Theyve reached out through various mediums and even changed the language to breach ethnic barriers but still Richmondites seem apathetic towards the 2012 Metro Vancouver Urban Futures Survey.
Perhaps its the name alone of the survey thats turning people away from a document that could play a massive role in shaping everyones future.
Whatever it is, the people of Richmond are not engaging and, since the survey kicked off at the beginning of the year, have the lowest participation rate in the region.
Its so low in fact that the number so far doesnt even register in terms of statistical relevance.
Which is alarming Metro Vancouver, which will use the survey to help plan the regions future for decades to come.
Some of the municipalities have well exceeded the minimum for statistical relevance, said Colleen Hardwick, an urban geographer and CEO of Placespeak, the online consultation firm conducting the survey.
For whatever reason, (Richmond) has been lagging well behind. Theyre not the only one, but we cant figure out why.
We wondered if it was an ethnic issue, so we went onto Fairchild Radio in June (to address the Asian community) and we translated the survey into traditional and simplified Chinese.
Hardwick said they noticed a little difference in the numbers after their attempts, but not nearly enough to get things moving.
She explained that the survey is just too important for people to sidestep and hoped Richmondites would engage before the survey closes at the end of the year.
This will provide us with the data to inform people on a whole range of policy initiatives for years to come, said Hardwick.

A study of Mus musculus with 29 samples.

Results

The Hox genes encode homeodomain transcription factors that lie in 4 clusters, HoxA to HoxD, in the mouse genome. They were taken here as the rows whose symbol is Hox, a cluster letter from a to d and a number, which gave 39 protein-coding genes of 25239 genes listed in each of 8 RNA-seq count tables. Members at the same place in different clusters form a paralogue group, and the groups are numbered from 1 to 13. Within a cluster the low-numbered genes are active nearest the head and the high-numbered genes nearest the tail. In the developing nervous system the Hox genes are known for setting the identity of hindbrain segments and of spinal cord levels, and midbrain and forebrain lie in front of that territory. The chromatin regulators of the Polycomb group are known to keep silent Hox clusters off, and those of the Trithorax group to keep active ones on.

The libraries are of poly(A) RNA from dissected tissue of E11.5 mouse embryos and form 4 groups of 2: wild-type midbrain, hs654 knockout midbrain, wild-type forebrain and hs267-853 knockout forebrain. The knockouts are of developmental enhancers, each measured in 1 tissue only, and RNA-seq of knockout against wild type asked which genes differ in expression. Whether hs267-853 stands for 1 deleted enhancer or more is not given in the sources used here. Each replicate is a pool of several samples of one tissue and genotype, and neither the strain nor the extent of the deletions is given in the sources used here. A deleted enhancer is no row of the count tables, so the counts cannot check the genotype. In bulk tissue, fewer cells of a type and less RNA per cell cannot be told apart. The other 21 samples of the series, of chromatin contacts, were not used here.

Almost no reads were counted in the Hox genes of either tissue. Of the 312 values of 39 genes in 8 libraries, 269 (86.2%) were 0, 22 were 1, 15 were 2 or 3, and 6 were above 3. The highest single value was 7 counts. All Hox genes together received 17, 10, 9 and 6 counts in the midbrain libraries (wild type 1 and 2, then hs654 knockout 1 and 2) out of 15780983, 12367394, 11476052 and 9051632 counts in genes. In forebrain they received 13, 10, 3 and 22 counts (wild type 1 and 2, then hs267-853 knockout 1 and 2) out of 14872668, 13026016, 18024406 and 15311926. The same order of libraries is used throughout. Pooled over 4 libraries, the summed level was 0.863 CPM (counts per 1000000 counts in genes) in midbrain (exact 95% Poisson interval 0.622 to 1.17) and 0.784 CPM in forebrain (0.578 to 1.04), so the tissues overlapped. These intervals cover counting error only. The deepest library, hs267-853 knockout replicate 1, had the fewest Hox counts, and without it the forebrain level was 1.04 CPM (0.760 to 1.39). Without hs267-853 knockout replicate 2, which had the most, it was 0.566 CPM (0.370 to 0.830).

It will allow us to compare also how attitudes have changed over the decades.
One thing that should spark people into action is the subject of the Massey Tunnel, often the bane of Richmondites lives when they decide to head south.
Each (city) has something that affects people every day and the Massey Tunnel would be that thing for Richmond, Hardwick added.
Were now into the fourth quarter of the year and its starting to get really urgent. This survey is super important for future generations of planners.
This is the third chapter of the survey, which was first conducted in 1973. It helped set the region on its path toward environmental protection, planning, protection of open space and a transit-oriented transportation system.
In 1990, the survey was updated. Once again, concerns over air and water pollution topped the list. Policy makers responded with AirCare, upgrades to wastewater treatment plants, and a doubling of the regions parkland.
To take the survey, Metro Vancouver residents must first verify their home address by registering with PlaceSpeak. The survey takes approximately 22 minutes to complete and can be found at www.placespeak.com/urbanfuturessurvey.com.